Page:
Road Trip to Retirement

By Geoff Schaefer

Geoff is a Wealth Advisor with Intergy Private Wealth. He writes for The Steadfast Fiduciary to help people live with an abundant heart, open mind, and boundless generosity.

July 8, 2023

Have you ever been on a road trip?  Hours on end through barren stretches of highway.  Fuel ups at rather suspect truck stops.  Emergency roadside bathroom breaks. Sometimes the trips feel as though they will never end, but they all inevitably do.  If you are like me, you usually never have your Apple Maps open the entire trip.  You might reference it briefly, but when you hear, “stay on I-70 for 278 miles”, you know you can shut it down and simply drive east for a few hours. You will likely keep this up until the last few miles of the trip when turn by turn guidance becomes key. The turn onto 6th street matters a lot and hearing the destination is on your right signals the end of your journey. Coming off a recent road trip, this idea is fresh on my mind and the idea of a road trip brings up many parallels to a good retirement plan.

In a road trip and a retirement plan, we much have a destination.  There is a location we would like to get to and a desired future state we would like our lives to be. A Goldman Sachs survey found that over 95% of respondents believed a financial plan and a relationship with a financial planner would increase their likelihood for success in retirement, but only 33% of Americans have a some form of written financial plan. A large chunk of those believes their plan is outdated or does not reflect their values. Reading that, I’d wonder, do only 33% of Americans use a map or GPS app on their road trips.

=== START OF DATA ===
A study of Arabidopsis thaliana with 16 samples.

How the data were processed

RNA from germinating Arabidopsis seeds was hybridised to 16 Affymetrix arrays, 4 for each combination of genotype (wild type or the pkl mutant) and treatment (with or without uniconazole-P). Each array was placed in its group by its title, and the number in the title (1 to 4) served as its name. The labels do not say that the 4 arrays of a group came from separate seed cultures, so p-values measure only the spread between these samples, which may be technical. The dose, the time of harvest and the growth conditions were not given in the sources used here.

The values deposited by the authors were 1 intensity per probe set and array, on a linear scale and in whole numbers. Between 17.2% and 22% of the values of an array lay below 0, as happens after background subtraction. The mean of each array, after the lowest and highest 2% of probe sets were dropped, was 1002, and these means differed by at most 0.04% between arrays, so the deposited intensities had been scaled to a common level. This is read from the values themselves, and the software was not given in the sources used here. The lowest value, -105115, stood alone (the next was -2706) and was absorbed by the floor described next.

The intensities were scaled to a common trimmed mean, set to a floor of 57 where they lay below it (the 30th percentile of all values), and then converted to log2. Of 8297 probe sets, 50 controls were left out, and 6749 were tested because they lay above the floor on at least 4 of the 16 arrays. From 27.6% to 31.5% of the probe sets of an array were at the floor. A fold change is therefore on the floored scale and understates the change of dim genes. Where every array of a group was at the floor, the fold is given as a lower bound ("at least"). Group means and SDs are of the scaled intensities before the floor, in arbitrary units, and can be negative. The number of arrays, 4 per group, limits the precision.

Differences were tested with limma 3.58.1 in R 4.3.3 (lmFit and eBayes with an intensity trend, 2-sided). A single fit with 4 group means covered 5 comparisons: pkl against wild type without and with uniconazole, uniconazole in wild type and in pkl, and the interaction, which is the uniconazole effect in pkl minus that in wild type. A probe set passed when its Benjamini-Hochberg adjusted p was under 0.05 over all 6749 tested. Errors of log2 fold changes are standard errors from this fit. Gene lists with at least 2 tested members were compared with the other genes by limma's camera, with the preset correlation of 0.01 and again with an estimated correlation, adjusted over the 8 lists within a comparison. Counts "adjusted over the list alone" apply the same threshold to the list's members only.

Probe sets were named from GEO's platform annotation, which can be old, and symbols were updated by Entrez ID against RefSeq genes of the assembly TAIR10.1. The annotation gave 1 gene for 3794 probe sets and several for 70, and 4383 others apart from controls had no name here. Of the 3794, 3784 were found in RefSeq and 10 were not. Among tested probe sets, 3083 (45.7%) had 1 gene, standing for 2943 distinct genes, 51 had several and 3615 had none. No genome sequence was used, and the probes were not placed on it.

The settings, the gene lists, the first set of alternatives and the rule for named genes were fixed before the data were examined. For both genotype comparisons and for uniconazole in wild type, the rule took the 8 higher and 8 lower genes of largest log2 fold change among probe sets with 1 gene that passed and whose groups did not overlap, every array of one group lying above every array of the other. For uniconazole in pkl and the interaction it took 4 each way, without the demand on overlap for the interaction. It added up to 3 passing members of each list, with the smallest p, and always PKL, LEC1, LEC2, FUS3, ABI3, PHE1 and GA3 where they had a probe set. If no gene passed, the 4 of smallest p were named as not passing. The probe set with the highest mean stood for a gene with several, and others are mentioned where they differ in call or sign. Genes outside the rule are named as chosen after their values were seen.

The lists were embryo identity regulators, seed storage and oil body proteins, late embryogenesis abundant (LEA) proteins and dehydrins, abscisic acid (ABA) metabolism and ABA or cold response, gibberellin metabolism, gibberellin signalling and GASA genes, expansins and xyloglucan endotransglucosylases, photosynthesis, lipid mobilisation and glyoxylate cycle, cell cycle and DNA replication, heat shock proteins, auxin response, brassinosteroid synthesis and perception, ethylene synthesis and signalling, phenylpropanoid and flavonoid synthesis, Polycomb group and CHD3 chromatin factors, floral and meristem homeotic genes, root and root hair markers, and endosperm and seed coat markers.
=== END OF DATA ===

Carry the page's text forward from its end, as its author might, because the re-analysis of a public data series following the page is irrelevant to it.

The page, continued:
Starting a financial plan can be relatively simple.  No amount of money is needed and no life stage is the magical trigger to call a CFP®. Much like a road trip, the first part of the financial plan might simply be getting you going in the right direction and then simply chugging along.  You cannot skip steps. On a road trip, you cannot fill up a car with gas while still traveling 80mph on the highway. In the same way, a retirement plan cannot jump to investment allocations before first taking care of budgeting, debt planning and insurance planning.  Steps you take lead you to the next part of your journey and each step is equally as important.

A plan gives you confidence.  Apple Maps is not always perfect. A wreck, road work or a flat tire can throw off your ETA, but the plan still helps.  A financial plan won’t insulate you from unforeseen events. Nothing can. What a financial plan will do is give you the confidence to take the first step and the patience to await the next. Sometimes the financial plan will require complexity, nuance, twist and turns at every juncture.  Often times you’ll find; it simply involves going east for 278 miles.